City of residence: Bryson City, N.C.
Occupation: Industrial public relations; Bryson City alderman
Political experience: Lifetime Democrat; lost bid for Swain County school board; Bryson City alderman since 2013
If you advance, do you believe you have a legitimate chance to defeat two-term incumbent Mark Meadows?
RB: Absolutely. Meadows has done less than nothing for the 11th District. Remember his shut-down-the-government stunt? That cost us $23 million. He is also attempting to destroy the public school system in the District of Columbia. On his watch, Western North Carolina has lost almost $1.8 billion in growth compared to the rest of the state. On the other hand, I have a record of progress in my term as an alderman in Bryson City, advancing tourism by gaining Trout City status from the Wildlife Resources Commission, modernizing a leaky water system, and helping to blunt the General Assembly’s sales tax takeaway from N.C. cities.
If elected, you’d be a freshman congressman with little political clout. What do you realistically believe you can accomplish in your first term for the people of Western North Carolina?
RB: I will be a voice for women and veterans, a protector of Social Security and a builder of a new industrial base in our district ― a concept that does not depend on the votes of other congressmen.
How do you feel you can represent the 11th District’s various ideologies and people in a way that champions compromise and bipartisan efforts? Or do you have other beliefs on representing a varied constituency?
RB: The Book of Isaiah says it best: “Come now, let us reason together.” Our Constitution was formed through a process of listening and compromise. I try to follow that example.
Which 2016 Democratic presidential candidate (including those who have dropped out) do you most identify with?
RB: Although I do not specifically identify with either of the Democratic presidential candidates, I will support the party’s nominee. The candidate with whom I identify most is Harry Truman in 1948. They said he couldn’t win, but through a process of determination and staying on message, he did.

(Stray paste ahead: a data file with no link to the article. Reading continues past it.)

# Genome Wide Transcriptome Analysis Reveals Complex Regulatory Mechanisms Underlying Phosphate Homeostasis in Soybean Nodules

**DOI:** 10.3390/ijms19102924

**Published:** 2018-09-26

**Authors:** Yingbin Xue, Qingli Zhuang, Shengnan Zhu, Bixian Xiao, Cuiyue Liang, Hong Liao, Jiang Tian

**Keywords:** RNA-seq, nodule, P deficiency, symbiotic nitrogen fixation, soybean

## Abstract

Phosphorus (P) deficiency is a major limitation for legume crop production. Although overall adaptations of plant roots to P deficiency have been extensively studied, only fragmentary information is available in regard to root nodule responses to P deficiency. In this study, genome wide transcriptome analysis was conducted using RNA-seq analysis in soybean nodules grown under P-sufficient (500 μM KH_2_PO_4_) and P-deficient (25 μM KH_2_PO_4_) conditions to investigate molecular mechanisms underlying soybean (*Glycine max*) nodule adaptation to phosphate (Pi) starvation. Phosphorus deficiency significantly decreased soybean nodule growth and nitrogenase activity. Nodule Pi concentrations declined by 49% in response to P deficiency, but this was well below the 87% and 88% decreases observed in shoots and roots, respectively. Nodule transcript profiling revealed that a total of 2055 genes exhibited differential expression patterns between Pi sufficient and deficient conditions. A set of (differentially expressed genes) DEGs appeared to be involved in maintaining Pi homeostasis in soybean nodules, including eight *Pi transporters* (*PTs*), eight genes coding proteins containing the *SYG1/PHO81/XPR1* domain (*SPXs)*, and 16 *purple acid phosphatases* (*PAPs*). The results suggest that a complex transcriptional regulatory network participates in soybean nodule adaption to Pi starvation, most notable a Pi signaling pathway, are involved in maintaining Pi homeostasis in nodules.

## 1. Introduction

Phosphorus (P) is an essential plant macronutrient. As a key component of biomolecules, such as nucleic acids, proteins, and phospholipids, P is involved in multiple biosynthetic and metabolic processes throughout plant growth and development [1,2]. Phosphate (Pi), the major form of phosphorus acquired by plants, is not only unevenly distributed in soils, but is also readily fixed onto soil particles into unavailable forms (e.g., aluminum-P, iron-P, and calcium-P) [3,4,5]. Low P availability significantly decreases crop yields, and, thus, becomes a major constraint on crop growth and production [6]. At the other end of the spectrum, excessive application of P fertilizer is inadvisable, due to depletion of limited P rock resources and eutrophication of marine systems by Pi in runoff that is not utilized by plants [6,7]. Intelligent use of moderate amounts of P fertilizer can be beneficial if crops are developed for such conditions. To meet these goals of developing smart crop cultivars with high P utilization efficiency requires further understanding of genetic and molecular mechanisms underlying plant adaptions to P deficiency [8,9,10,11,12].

What’s the most important issue facing WNC residents? How would you address it?
RB: We need to listen to reason, not fear and hate, and remember that, first, we are all Americans. Those who would create problems where no problem exists ― i.e., voter fraud and restroom terror ― to demonize and take away rights of others need to be rejected.
Job creation and cost of living affect many 11th District residents. What would you do to create living wage jobs?
RB: I plan to bring the concept of the Research Triangle Park to Western North Carolina. Using existing agency funds (no new taxes) we can grow high-tech businesses with commercial potential that are waiting for startup money in all our universities. These include telecommunications, biomedical, computer science, green energy and cutting-edge agriculture. In this way, our young people who leave to be educated can come home to find work in their fields that pays better than just a scrape-by wage, raise their families here.
What makes you more qualified than the other candidate?
RB: The greatest influence on our lives comes from local officials. They fix problems with streets, water, sewer, lighting and safety. I am a Bryson City alderman and will take an alderman’s pragmatic point of view to Washington. We need to get things done in this country, not throw tantrums and shut it down.